December 3, 2012 | By Harold Brubaker, Inquirer Staff Writer
  When Walter Bronek had a mini-stroke in September, he was taken to the closest hospital, Robert Wood Johnson University Hospital Hamilton. "I never saw a neurologist at Robert Wood. The only thing I saw was a computer screen with a doctor from Jeff," said Bronek, referring to Thomas Jefferson University Hospital in Philadelphia. After an examination, the "doc-in-the-box," as Bronek called him, recommended Bronek go to Jefferson, which counts Mercer County's Robert Wood Johnson Hamilton among the 28 hospitals in its Jefferson Neuroscience Network.
NEWS
November 23, 2012 | By Kristin E. Holmes, Inquirer Staff Writer
Marcy Oleksiuk visits Judy Kincade once a week for a heartbreaking reason, but you'd never know it from the mood in the room. The Kincade household is relentlessly cheerful as children and grandchildren constantly come and go. Once a week, Oleksiuk is among them. She chats with Kincade, gives her an autographed picture of a favorite star, and recently exchanged Hurricane Sandy survival stories. But most of all, Oleksiuk listens to country music or watches T.J. Hooker reruns with Kincade's husband, Les. He is the heartbreaking reason.
BUSINESS
November 18, 2012 | By Harold Brubaker, Inquirer Staff Writer
From its roots in California, hospital owner Prime Healthcare Services Inc. is expanding across the country by acquiring financially troubled hospitals, including Roxborough Memorial and Lower Bucks in the Philadelphia region. At hospitals on the verge of closing, the for-profit company is generally welcome - even as disputes with a large union and a major competitor in Southern California dog the firm's reputation. In Roxborough, where the community hospital has changed hands three times since 2003, Prime and its regional chief executive, Peter J. Adamo, have made a positive impression, Bernard Guet, executive director of the Roxborough Development Corp., said Thursday.
ENTERTAINMENT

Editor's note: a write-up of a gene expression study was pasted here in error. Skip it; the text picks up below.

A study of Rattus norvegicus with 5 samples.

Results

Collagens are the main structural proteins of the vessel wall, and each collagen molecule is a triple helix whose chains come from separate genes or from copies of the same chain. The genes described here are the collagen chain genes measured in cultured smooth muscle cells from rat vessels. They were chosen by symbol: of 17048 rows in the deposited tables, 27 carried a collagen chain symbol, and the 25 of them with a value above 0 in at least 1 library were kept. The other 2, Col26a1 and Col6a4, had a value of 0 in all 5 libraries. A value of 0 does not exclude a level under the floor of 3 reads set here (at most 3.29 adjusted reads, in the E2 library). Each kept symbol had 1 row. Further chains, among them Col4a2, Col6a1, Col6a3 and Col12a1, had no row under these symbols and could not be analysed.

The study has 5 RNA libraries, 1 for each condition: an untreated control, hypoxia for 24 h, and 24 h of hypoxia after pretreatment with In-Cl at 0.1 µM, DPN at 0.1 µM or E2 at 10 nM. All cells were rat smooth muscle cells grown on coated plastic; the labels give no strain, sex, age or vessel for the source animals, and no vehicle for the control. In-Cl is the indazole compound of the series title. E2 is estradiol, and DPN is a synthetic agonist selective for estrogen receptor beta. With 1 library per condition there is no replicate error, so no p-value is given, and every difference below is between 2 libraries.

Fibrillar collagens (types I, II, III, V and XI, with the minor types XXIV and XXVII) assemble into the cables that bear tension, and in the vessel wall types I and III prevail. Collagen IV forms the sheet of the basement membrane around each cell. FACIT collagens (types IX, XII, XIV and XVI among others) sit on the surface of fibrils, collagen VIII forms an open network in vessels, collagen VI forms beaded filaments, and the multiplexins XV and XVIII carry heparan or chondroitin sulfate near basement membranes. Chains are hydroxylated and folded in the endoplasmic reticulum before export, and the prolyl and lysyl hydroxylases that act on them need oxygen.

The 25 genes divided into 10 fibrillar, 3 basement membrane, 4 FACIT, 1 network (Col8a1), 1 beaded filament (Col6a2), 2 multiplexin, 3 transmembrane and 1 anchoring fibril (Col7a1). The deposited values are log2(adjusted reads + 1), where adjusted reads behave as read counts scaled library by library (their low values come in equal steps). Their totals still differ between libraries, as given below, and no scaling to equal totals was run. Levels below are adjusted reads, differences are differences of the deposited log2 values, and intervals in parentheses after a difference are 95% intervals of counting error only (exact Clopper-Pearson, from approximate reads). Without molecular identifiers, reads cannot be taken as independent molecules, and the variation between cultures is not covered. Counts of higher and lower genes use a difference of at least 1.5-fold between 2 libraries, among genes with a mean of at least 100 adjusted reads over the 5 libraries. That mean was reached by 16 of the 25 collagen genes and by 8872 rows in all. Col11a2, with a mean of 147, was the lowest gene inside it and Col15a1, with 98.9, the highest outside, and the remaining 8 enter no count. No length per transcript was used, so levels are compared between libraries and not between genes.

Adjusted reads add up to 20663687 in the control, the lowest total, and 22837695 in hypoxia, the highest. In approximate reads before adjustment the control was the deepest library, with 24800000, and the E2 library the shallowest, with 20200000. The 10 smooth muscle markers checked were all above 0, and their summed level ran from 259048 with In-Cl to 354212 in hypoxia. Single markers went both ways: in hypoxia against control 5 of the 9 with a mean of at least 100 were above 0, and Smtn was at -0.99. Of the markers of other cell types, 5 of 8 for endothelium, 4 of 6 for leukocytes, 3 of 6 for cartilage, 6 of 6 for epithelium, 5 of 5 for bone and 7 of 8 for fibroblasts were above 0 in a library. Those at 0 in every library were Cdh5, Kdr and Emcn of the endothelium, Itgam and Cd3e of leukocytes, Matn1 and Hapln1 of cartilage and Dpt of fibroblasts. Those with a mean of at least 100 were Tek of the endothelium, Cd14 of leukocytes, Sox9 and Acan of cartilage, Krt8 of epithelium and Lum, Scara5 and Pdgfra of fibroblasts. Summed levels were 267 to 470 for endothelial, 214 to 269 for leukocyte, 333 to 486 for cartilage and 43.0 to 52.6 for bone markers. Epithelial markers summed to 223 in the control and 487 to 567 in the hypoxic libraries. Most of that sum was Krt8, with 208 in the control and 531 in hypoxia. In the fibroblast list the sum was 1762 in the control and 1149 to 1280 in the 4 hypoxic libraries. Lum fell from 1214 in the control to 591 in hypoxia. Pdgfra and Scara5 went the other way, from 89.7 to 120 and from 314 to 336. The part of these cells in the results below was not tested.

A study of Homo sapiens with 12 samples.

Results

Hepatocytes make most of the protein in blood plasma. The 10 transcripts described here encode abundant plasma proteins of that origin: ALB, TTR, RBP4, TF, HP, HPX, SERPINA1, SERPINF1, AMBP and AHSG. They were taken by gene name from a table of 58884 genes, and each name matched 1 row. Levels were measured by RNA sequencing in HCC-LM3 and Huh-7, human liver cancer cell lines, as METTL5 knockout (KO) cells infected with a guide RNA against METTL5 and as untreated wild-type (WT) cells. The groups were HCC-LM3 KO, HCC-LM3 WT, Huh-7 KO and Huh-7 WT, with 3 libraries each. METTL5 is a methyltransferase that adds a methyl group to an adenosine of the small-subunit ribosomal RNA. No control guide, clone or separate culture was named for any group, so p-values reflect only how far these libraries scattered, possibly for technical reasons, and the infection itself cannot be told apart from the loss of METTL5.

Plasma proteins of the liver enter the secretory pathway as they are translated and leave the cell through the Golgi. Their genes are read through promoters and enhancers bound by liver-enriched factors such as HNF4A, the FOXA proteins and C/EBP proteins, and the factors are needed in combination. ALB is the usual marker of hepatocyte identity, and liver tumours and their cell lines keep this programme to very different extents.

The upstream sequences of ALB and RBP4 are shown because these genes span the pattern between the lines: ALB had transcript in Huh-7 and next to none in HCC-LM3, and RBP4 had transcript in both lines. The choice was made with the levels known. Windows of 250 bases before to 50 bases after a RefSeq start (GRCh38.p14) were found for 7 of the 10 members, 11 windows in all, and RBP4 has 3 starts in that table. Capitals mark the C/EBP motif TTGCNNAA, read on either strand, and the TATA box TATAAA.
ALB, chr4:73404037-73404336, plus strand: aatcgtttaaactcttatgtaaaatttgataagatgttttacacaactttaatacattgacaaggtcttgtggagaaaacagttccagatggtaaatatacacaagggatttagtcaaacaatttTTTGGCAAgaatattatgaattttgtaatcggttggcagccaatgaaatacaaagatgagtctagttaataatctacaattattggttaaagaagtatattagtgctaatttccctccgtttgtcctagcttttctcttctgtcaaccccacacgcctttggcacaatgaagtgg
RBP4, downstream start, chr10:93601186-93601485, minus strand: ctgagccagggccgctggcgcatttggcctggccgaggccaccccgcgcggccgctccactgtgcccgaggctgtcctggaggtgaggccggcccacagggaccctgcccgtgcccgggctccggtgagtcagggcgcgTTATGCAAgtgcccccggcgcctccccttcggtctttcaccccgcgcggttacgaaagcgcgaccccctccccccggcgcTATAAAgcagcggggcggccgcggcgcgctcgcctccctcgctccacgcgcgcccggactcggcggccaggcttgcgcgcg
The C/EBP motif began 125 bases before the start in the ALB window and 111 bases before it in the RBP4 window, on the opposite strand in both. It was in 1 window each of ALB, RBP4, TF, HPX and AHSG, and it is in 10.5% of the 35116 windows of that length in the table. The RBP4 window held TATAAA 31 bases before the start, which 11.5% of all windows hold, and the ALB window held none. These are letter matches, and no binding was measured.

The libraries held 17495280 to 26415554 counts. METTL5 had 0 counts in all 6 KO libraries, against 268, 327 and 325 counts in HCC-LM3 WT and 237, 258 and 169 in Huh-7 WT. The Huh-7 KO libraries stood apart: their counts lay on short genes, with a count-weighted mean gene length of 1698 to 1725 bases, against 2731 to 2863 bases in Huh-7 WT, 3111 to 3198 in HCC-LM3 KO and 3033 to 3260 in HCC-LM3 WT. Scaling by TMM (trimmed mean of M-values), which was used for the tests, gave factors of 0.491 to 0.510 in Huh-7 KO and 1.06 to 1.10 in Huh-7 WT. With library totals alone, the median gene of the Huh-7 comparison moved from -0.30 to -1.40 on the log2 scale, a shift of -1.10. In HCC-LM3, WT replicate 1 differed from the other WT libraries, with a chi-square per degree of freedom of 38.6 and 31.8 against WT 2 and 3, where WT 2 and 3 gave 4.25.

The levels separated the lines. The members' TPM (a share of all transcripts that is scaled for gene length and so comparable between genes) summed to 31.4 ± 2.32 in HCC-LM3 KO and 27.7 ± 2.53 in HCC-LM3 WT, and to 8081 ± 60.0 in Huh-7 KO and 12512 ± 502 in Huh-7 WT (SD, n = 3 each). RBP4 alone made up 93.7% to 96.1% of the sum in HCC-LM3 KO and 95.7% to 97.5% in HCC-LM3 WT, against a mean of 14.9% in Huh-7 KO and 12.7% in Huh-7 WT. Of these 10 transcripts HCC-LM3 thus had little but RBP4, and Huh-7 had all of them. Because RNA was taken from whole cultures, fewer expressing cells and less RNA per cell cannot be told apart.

November 6, 2012
* THE MOB DOCTOR. 9 p.m. Mondays, Fox 29. WHEN I WAS growing up, the white coats most TV doctors wore might as well have been white hats. If not quite gods, they were at least dedicated crusaders who could be trusted to put patient care before anything else, including their personal lives. And those personal lives didn't seem to require much effort. Because they were (mostly) men. And handsome. And doctors. Who wouldn't want to go out with them? But you don't have to be old enough to remember "Marcus Welby, M.D. " - much less those '60s icons "Dr. Kildare" or "Ben Casey" - to have noticed that today's TV doctors are decidedly more human.
NEWS
July 31, 2012 | By Don Sapatkin, Inquirer Staff Writer
For years, as hospitals cut costs to survive ever-increasing financial pressures, nurses argued that inadequate staffing harms patients. California's controversial and, so far, unique response was to mandate minimum nurse-to-patient ratios, which, if applied locally, would prevent 222 surgical deaths annually in New Jersey and 264 in Pennsylvania, researchers here calculated in 2010. Now members of that same University of Pennsylvania team say they have figured out a key reason for that.
NEWS
July 25, 2012 | By Michael B. Laign
Amid all the negative noise about the proposed partnership between Holy Redeemer Health System and Abington Health, the primary reason for the plan has been largely forgotten. While some celebrated the end of the health systems' discussions because a partnership would have eliminated abortions at Abington, the truth is that change is coming to all health systems. Instead of waiting for that change to dictate our response, we at Holy Redeemer believe in embracing it by working to create a better regional health-care system.
NEWS
February 28, 2012
By Arthur Caplan Think your doctor is telling you the truth? According to a survey recently published in the journal Health Affairs, he may well not be. The study found that one in 10 doctors has lied to at least one patient in the past year. Twenty percent of the 2,000 doctors surveyed admitted they had not told patients the truth about an error. Ten percent said they had failed to disclose financial conflicts of interest. And 15 percent said they had painted a rosier picture of a patient's prognosis than they knew to be true.
NEWS
February 10, 2012
Most important thing about Iran A military attack on Iran's nuclear program is fraught with hazards, as Trudy Rubin correctly notes ("Israeli strike on Iran: Why we should worry," Sunday). But assertions by American officials that "the most important thing is to keep the international community unified" are mistaken. The "most important thing" is keeping nuclear weapons out of the hands of Iran before nuclear devices explode in American cities, or a high-altitude nuclear explosion severely damages our electronic infrastructure.
NEWS
October 21, 2011 | Associated Press
The federal government laid out final rules Thursday for a new program that aims to improve patient care by getting doctors, hospitals, and other care providers to work together more. Health-care providers will be able to start forming accountable care organizations in 2012 to coordinate care, share records, and cut down on duplicative tests and medical errors. Providers will have to make a three-year commitment to care for a group of at least 5,000 Medicare patients if they form these organizations known as ACOs.